One of the perks of being a small-business owner is getting to choose where you do your job. And for some folks, that means setting up shop in the comfort of home.
There are plenty of benefits to running a business out of your home -- namely, the convenience factor. When you work from home, you don't waste time or spend money commuting, and you have easy access to your office at all times. On the other hand, there are certain hiccups you might encounter when you attempt to run a business from home. Here are a few to be aware of.
Working from home can be an isolating experience whether you're running your own business or are employed by an outside firm. Of course, being busy, which business owners tend to be, can help negate some of the loneliness factor, since it's hard to harp on that solitude when you have endless tasks to complete in a given week. Still, over time, it can get to you, so to remedy that, make your home office your primary workspace, but venture out when you can.
If you're not editing complex material, presenting over a conference call, or doing something else that similarly demands silence, pack up your laptop or work materials and set up shop at a local coffeehouse or diner for a couple of hours. You might also consider working from a public library if you're starved for company but need a reasonably quiet atmosphere. Incorporating even a modest degree of human interaction into your schedule can go a long way toward making your setup work better for you.
Though running a business from home is unquestionably convenient, the danger in doing so is having too many household distractions staring you right in the face. We're talking about everything from the large-screen TV in your living room to the piles of laundry sitting out waiting to be folded.
To avoid falling behind on work obligations, make sure you have a separate, dedicated space for business matters -- ideally, a room with a door that closes. Physically separating yourself from the rest of your home will help your brain process the fact that you need to be working and not doing other things.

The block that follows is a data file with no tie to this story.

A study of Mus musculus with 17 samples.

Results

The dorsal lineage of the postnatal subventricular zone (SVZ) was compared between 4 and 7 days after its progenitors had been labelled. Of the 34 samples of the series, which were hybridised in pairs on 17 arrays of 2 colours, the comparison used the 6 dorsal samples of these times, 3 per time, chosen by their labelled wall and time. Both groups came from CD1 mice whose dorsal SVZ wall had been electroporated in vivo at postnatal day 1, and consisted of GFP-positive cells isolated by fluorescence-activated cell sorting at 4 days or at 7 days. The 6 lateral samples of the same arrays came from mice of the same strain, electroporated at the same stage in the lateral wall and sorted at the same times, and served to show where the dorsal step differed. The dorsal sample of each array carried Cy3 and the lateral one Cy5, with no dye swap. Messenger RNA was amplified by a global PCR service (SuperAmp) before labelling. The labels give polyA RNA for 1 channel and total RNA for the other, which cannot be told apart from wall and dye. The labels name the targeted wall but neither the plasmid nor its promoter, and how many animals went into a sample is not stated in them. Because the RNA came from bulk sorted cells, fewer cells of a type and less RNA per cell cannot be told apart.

3. No work-life balance
The beauty of running a business from home is having constant access to your workspace. The downside, however, is having constant access to your workspace. When you manage a business out of your home, it's difficult to maintain a solid work-life balance because you could technically be doing your job all the time.
Of course, working too much can negatively impact your health, damage your personal relationships, and put you in a position where you risk completely burning out. A better idea? Create a schedule that dictates when you'll be working versus living your life, and stick to it. If you're supposed to wrap things up at 6 p.m. on a given day, commit to closing up shop at that point and joining your friends or family for dinner if that's what you have planned. While it's a good thing to be dedicated to your business, if you cross the line into total workaholism, you won't end up doing yourself any favors.
Running a business from home can save you time and money, but it can also backfire if you aren't careful. Now that you know what pitfalls to avoid, you'll be better positioned to manage your business from home while maintaining your productivity and sanity along the way.